Pecan Noodle Kugel

December 11:National Noodle Ring Day

Even though we lived in San Antonio, Texas, a predominantly Roman Catholic city, Islander befriended a Reformed Jew from the local cake club where they were both members. Charles M. served as chairman of the cake show and Islander was the web and graphic designer for the event. But we had moved to the Gulf Coast in the middle of the planning year and she was very sad to leave her brother and friends. So it made her happy to see Charles just a month after when he came into our new town for a cake class (which took place at a cake shop where meetings were held for the local cake club). Islander eventually became president of that cake club and travels back and forth to different cake shows in Texas throughout the year. Those familiar faces from cake clubs all over Texas make everyone feel connected……

…..Just like the pasta and pecan pieces in the noodle kugel dessert Charles mentioned that some of his fellow Jews would eat around this time of the year in celebration of Hanukkah. The noodles are bound by eggs and the native nuts stick together with a caramelized mixture in a ringed pan. This kugel-cake is different from the cakes that Charles and Islander decorate, but it is a sweet symbolism of far-away friends and family coming together to celebrate a special occasion. Pecan noodle kugel is great to make and serve on Jewish holidays and on National Noodle Ring Day.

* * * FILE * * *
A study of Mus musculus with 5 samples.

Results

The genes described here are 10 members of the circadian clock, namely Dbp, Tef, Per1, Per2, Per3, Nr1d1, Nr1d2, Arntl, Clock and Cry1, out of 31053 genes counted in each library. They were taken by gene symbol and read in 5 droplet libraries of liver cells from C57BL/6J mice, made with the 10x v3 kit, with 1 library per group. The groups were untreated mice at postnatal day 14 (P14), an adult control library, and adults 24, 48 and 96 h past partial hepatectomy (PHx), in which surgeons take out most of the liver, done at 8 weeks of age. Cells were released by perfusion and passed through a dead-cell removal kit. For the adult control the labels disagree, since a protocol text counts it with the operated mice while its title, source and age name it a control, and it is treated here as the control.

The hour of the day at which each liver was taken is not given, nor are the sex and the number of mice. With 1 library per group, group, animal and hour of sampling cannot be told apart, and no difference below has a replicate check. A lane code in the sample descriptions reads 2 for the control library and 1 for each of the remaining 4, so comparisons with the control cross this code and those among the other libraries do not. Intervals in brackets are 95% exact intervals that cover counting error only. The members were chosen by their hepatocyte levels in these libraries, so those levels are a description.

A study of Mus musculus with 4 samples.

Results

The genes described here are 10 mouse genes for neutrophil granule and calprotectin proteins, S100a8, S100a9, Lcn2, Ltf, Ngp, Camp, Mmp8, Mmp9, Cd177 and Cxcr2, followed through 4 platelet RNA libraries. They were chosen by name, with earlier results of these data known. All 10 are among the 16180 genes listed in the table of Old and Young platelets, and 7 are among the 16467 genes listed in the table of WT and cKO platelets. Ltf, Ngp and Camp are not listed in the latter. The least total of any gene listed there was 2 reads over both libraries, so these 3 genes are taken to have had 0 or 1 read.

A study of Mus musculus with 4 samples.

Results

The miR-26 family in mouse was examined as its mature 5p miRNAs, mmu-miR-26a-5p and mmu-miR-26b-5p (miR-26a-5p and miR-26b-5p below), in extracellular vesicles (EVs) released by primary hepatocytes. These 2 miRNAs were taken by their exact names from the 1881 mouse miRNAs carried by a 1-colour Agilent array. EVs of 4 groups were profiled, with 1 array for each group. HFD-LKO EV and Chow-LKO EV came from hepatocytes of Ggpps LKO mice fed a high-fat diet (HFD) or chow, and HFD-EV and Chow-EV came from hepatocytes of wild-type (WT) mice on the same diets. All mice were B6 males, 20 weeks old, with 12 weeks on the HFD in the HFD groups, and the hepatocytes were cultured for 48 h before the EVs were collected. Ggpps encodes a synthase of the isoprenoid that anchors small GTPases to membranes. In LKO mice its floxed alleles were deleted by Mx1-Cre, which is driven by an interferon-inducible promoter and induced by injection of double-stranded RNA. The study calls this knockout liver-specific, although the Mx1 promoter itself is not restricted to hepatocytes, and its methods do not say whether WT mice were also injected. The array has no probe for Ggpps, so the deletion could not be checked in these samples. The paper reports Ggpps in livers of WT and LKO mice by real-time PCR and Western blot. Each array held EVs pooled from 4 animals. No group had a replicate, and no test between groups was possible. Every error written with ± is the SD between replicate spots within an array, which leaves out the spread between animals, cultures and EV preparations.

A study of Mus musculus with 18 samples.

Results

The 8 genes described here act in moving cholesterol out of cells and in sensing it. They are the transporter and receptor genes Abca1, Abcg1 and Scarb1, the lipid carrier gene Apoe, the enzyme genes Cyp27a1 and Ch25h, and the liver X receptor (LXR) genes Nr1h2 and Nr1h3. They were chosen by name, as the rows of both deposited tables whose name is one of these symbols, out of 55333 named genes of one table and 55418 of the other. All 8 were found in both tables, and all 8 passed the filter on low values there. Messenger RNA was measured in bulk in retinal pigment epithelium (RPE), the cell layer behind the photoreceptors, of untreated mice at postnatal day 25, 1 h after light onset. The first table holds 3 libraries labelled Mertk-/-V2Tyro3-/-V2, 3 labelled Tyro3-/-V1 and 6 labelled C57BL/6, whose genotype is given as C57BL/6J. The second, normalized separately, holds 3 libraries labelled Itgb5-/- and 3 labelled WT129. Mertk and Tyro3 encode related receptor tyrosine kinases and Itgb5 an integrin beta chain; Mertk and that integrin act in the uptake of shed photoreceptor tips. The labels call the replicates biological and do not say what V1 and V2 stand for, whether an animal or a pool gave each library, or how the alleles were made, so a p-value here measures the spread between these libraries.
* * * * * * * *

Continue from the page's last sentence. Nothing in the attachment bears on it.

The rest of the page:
(Adapted from The Kosher Palette Cookbook)


  • 1 16 ounce package of wide egg noodles
  • 4-6 quarts water (to boil the noodles)
  • ½ cup (1 stick) butter, melted
  • 1 cup pecans, coarsely chopped
  • ½ cup brown sugar, packed
  • 6 eggs, lightly beaten
  • 1 cup sugar, granulated white
  • 1 teaspoon salt
  • 1 teaspoon cinnamon


Cook the egg noodles according to the package directions. Drain and set aside in a large mixing bowl.

Generously coat a Bundt or ring pan with cooking spray. In a bowl, combine the melted butter, chopped pecans and brown sugar. Mix well.

Spoon the brown sugar mixture on the bottom of the prepared pan. Beat the eggs and mix with the noodles in the bowl. Stir in the white sugar and salt.

Add the cinnamon to the noodles and mix well. Fill the prepared pan with the noodle mixture over the brown sugar topping. Bake in a preheated oven at 350 degree F for an hour.

Remove from the oven and let the kugel cool for 10 minutes in the pan. Loosen the edges with a spatula. Invert it onto a plate. Slice and serve.


  • Happy Hanukkah to all our Jewish blog readers and friends.